INVESTIGATION papers on the RM6.3 billion Penang Undersea Tunnel project is in the final stages of completion and will be submitted to the Attorney-General’s Chambers’ (AGC) soon.
Sources close to the investigation told the New Straits Times that the Malaysian Anti-Corruption Commission (MACC) was tying up loose ends before handing over the investigation papers to the AGC for advice and the next course of action.
The source said there were only certain witnesses left whom they needed to call before completing their probe.
“As far as we are concerned, we have finished calling up all the witnesses needed in Penang.
“The few remaining witnesses left to be called are all based in the Klang Valley.
“After that, we will wrap up the investigation papers and submit them to the A-GC. We will then wait for the A-GC’s advice on the next course of action,” the source said.
The source added that the graftbusters were happy with the progress of their investigation into the matter thus far.
“It (the investigation process) is going smoothly.
“All the witnesses called had been cooperative throughout the course of our probe,” the source added.
Chief Minister Chow Kon Yeow was the final VIP from the state to be called to have his statement recorded on Tuesday, where he spent about four hours with the investigators.
He had said that most of the questions asked were about the undersea tunnel project. He was also asked to confirm decisions made at the state executive councillors’ meetings about the project.
Last Friday, MACC chief commissioner Datuk Seri Azam Baki had said that they were in the final stages of investigation into the undersea tunnel project, and that investigators were expected to wrap up the investigation papers within the next two to three weeks.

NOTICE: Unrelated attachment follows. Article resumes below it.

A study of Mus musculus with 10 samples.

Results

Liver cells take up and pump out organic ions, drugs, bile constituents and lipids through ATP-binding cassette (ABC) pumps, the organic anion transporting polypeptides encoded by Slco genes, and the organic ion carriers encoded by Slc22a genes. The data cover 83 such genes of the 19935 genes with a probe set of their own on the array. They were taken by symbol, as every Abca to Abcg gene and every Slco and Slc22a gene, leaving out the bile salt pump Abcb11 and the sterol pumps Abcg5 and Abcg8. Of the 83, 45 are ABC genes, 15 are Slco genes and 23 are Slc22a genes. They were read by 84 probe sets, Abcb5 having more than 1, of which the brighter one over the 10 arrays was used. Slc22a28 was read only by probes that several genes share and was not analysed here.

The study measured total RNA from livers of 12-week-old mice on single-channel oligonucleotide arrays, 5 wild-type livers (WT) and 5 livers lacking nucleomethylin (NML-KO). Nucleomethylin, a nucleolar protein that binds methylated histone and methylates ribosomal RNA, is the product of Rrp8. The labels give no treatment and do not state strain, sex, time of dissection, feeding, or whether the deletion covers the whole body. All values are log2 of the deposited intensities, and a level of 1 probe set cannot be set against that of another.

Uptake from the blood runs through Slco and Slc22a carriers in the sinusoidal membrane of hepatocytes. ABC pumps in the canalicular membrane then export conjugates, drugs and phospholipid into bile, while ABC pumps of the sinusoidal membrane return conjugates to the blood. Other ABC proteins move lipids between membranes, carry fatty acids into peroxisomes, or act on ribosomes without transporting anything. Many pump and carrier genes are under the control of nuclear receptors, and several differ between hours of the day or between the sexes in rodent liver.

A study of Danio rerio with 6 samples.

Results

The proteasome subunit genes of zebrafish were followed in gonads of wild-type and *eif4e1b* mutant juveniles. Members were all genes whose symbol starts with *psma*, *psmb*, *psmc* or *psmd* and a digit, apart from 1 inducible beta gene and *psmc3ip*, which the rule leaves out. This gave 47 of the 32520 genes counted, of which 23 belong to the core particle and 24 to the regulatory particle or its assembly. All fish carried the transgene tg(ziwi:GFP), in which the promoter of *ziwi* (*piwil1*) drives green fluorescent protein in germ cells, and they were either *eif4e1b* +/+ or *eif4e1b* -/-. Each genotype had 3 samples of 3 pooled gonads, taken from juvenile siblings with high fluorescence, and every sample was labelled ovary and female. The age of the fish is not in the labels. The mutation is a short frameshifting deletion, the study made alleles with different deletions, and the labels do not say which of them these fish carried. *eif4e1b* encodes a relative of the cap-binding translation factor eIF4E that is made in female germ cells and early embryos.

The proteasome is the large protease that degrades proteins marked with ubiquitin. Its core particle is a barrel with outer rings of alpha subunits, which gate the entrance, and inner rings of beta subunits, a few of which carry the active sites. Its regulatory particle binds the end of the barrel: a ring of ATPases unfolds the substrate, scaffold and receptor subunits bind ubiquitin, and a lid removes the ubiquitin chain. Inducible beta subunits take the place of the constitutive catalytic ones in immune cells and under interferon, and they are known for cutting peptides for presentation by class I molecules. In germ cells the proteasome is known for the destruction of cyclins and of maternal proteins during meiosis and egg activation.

He had said that investigation into the controversial project was never closed but slowed down since March due to the Movement Control Order (MCO) as a result of the Covid-19 pandemic.
The NST had recently reported that the MACC had relaunched its investigation into the undersea tunnel project following new evidence which it received on the matter.
The latest round of investigation saw the arrest of a high-ranking official from Penang Port Commission. He has since been released.
The project had courted controversy in the past, especially over its RM305 million feasibility studies, as well as the nearly two-year delay in its completion.
The ambitious project consists of four components, including three road projects measuring 30km and an undersea tunnel, costing an estimated RM6.3 billion in total.
Last March, blogger Raja Petra Kamarudin had named several Penang DAP leaders and state government officials, who he alleged were involved in corrupt practices involving the project.
He claimed that he was given a 200-page document by an individual at the MACC, and that he would produce extracts of its contents in several installments online to expose the matter.
In April last year, a businessman who was implicated in a scandal related to the tunnel project was slapped with 68 money-laundering charges involving RM11.4 million.